Can Money Buy a President?

They say that capitalism can exist without democracy, but that a democratic political system has never existed in a society without a market. In a democratic system, therefore, equal rights coexist with material inequality. The poor have the right to vote, but the rich influence the vote with their fortunes. Taken to the extreme, money without limits can determine a political process. Could it buy a president?

The announcement this week that a powerful network of ultra-conservative donors, headed by magnates Charles and David Koch, plans to spend close to $1 billion in the 2016 U.S. presidential elections appears to respond affirmatively to the previous question. The sum is certainly historic, although every electoral cycle has brought a new milestone. But above all, the Koch brothers now command influence on the same level as the large political parties.

Experts in campaign finance say that the funds from which the Kochs have drawn for the 2016 campaign will allow their network to take on the role of a de facto political party.

This figure defies the political status quo by equaling what the Democrats and the Republicans plan to spend in the 2016 campaign. In the 2012 elections, the Republican National Committee spent $404 million and its Democrat counterpart spent almost $320 million.

At the moment, the network created by the Kansas multimillionaires is still debating whether or not it will use part of this money in the Republican Party primaries, which, without a doubt, would strongly impact the field of aspiring candidates. The party´s leaders complain about the continuous drain of power and money that the candidates suffer because of the multimillion dollar donations that began following the Supreme Court rulings which relaxed restrictions on campaign finance contributions.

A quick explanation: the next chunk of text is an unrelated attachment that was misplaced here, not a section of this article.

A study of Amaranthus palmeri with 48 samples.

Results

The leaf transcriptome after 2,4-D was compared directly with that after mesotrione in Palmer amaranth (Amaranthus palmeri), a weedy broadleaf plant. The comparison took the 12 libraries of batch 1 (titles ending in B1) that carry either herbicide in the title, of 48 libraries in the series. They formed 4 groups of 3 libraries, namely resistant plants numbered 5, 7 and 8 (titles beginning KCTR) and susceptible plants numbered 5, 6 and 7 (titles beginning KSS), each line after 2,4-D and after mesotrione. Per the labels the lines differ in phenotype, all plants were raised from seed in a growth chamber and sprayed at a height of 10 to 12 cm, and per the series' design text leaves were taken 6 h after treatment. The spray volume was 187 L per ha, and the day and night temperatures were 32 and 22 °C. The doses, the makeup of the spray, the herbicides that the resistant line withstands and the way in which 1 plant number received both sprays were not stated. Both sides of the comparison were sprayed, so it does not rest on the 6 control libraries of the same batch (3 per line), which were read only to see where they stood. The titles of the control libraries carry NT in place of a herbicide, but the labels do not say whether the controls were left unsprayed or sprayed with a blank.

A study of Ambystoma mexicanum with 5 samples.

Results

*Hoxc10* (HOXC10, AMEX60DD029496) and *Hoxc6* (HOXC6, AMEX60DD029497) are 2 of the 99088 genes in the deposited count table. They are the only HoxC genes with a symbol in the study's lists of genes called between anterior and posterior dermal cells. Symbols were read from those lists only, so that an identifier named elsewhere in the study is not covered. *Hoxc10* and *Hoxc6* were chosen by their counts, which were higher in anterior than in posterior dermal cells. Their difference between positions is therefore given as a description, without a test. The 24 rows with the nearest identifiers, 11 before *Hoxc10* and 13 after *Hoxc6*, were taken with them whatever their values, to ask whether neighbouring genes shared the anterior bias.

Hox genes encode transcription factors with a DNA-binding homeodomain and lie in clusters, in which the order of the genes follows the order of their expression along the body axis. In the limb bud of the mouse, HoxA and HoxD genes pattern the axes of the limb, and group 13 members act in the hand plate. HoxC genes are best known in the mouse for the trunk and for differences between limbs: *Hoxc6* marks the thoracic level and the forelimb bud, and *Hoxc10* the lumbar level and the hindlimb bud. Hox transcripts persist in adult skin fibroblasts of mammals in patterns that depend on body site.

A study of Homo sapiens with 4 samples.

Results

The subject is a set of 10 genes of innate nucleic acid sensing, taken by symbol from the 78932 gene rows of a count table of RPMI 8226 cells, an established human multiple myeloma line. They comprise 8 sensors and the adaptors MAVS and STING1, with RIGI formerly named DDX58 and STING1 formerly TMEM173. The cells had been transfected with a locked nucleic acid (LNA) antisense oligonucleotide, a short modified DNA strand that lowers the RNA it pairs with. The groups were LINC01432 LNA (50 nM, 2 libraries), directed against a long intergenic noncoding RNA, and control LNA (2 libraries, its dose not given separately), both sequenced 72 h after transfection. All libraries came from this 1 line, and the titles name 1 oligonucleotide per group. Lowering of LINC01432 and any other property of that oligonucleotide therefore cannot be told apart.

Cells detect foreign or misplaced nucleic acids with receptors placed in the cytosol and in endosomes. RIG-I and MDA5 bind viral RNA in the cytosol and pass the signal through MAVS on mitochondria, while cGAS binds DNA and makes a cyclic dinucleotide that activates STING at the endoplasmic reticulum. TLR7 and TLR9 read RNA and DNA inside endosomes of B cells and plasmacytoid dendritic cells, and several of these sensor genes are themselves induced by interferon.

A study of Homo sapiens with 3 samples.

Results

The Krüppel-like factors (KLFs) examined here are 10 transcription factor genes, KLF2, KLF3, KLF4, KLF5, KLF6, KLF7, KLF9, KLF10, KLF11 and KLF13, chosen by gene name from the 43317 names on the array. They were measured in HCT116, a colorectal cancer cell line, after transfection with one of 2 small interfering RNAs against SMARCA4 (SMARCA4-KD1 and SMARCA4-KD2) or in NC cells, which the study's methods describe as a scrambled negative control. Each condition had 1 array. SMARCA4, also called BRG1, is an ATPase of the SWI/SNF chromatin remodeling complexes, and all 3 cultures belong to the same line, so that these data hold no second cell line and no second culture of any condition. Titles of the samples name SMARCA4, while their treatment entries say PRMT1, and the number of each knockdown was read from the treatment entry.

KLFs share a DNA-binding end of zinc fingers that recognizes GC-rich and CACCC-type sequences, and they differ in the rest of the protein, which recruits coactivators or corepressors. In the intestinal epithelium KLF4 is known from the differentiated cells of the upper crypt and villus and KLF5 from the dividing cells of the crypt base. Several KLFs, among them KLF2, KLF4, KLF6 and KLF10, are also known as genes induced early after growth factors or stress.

The legal situation regarding political financing has changed a lot since Congress decided to intervene and regulate the federal campaigns after the Watergate scandal. In 1974, the Federal Election Commission was established.

In 2002, restrictions were placed on indirect contributions, the funds donated to organizations that are dedicated to promoting a candidate such as political action committees.

The Supreme Court then introduced a reform that caused donations to political parties and candidates to become the protagonists in the latest elections. In 2010, the door was opened to unlimited spending by political groups and businesses to support a candidate, basically creating a middleman, since direct support to campaigns continues to be limited. In 2014, the upper limit to what a person or party or electoral committee can donate was modified.

Asked for his opinion concerning the figure that the Koch brothers will contribute in 2016, the communications director of the Democratic National Committee, Mo Elleithee, responded sarcastically to the news website Politico: “Wait, you mean a bunch of billionaires are going to spend nearly $1 billion in pocket change to try to buy a president to rig the system for them and give them massive tax breaks that no one else gets? I’m shocked!”

Lloyd Hitoshi Mayer, a law professor at the University of Notre Dame, answered with a robust “no” when he was asked if money could buy the next president of the United States. Mayer warned that the candidates have to win votes, not just dollars. “Historically, Republican candidates have received more financial support, but often the Democrats are the ones who win.”*

*Editor’s Note: The quote, although accurately translated, could not be verified.